Has this post been exhausted yet? Nope. (A recent comment there: "If Jordan Peele doesn't use this as a sound effect, we riot.")
This reminded me that, despite all the syncs leading up the release of the Jordan Peele film NOPE, I never actually got around to watching it. I thought I'd peruse the plot summary on Wikipedia and see what it was about. When I opened the Wikipedia page, though, I first clicked on "Reception" to see if people had generally thought it was good (they had, natch), and then I started pressing "Page Up" to get back to the plot. Two page-ups took me to the soundtrack listing, though, where the title of the third track arrested my attention: "La Vie C'est Chouette." I wondered what chouette meant. Well . . .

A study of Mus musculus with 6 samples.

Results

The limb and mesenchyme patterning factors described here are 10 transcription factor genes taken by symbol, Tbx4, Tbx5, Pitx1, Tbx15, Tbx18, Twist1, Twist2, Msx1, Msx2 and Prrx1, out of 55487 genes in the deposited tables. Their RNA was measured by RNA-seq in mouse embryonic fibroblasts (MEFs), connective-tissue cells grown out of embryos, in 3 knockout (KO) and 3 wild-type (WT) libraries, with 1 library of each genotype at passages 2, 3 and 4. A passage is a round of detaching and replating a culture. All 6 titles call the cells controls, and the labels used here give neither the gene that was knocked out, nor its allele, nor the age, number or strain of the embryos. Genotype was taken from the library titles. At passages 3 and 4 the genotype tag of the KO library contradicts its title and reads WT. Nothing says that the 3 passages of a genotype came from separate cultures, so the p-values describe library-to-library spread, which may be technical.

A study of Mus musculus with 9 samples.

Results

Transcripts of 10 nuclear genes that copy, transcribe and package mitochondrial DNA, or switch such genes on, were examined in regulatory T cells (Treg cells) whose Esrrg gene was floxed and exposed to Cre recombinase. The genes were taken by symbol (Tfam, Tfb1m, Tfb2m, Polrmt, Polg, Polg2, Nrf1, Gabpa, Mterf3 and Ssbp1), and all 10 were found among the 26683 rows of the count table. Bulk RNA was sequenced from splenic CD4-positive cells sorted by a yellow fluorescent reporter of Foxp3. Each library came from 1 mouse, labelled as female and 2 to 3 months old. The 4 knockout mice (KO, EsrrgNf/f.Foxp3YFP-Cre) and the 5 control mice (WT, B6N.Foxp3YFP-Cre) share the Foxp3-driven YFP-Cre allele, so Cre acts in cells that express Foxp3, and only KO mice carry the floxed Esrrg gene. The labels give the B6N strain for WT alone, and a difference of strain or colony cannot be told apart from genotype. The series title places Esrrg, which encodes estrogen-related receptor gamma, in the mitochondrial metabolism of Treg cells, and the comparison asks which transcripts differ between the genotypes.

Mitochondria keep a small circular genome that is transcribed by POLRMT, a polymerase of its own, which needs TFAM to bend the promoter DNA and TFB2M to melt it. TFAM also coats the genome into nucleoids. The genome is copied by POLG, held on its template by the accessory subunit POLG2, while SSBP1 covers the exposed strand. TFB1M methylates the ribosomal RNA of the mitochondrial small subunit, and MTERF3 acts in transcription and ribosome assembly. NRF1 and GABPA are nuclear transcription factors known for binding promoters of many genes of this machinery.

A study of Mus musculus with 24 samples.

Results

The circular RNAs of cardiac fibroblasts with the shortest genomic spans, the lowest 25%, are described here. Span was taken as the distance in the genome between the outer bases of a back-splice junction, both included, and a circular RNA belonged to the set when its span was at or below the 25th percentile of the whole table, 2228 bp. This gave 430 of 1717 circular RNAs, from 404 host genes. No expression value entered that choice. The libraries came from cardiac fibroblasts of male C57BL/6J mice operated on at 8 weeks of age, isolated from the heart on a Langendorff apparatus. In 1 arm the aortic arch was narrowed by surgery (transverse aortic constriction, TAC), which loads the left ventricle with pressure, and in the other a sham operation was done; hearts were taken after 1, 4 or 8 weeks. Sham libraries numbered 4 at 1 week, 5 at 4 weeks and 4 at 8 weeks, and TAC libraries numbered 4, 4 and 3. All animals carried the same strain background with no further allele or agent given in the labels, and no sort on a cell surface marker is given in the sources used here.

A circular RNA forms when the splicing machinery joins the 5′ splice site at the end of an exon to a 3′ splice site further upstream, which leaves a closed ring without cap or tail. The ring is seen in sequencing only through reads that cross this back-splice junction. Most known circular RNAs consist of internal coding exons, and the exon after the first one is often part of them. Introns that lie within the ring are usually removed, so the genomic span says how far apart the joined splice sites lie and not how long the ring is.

Although "owl" was the meaning highlighted by Google, chouette is apparently much more commonly used as an adjective, meaning "nice, pleasant," and that is how it is used in the song, by Jodie Foster. When I looked up the lyrics, this bit got my attention:
Toute une nuit, mais avec qui?Toute une nuit, mais avec qui?La vie c'est chouetteAll night, but with who?All night, but with who?Life is nice ("owl")
Qui, unlike our English who, doesn't sound like owl onomatopoeia, and the possibility of a deliberate bilingual pun seems remote.
I was led to this song by my post about Michael and an Owl. When I first linked Michael and the owl, in "The Locust Grove crop circle," it was through the word qui:
If the serpent is the Metal Worm, who is Michael? He's Mr. Owl, of course. In the de Vos painting of Michael, written around his hand is the Latin motto Qui ut Deus? -- a translation of the literal meaning of the name Michael. In English, it would be Who is like God?
and then a gif of a blinking owl saying "WHO?"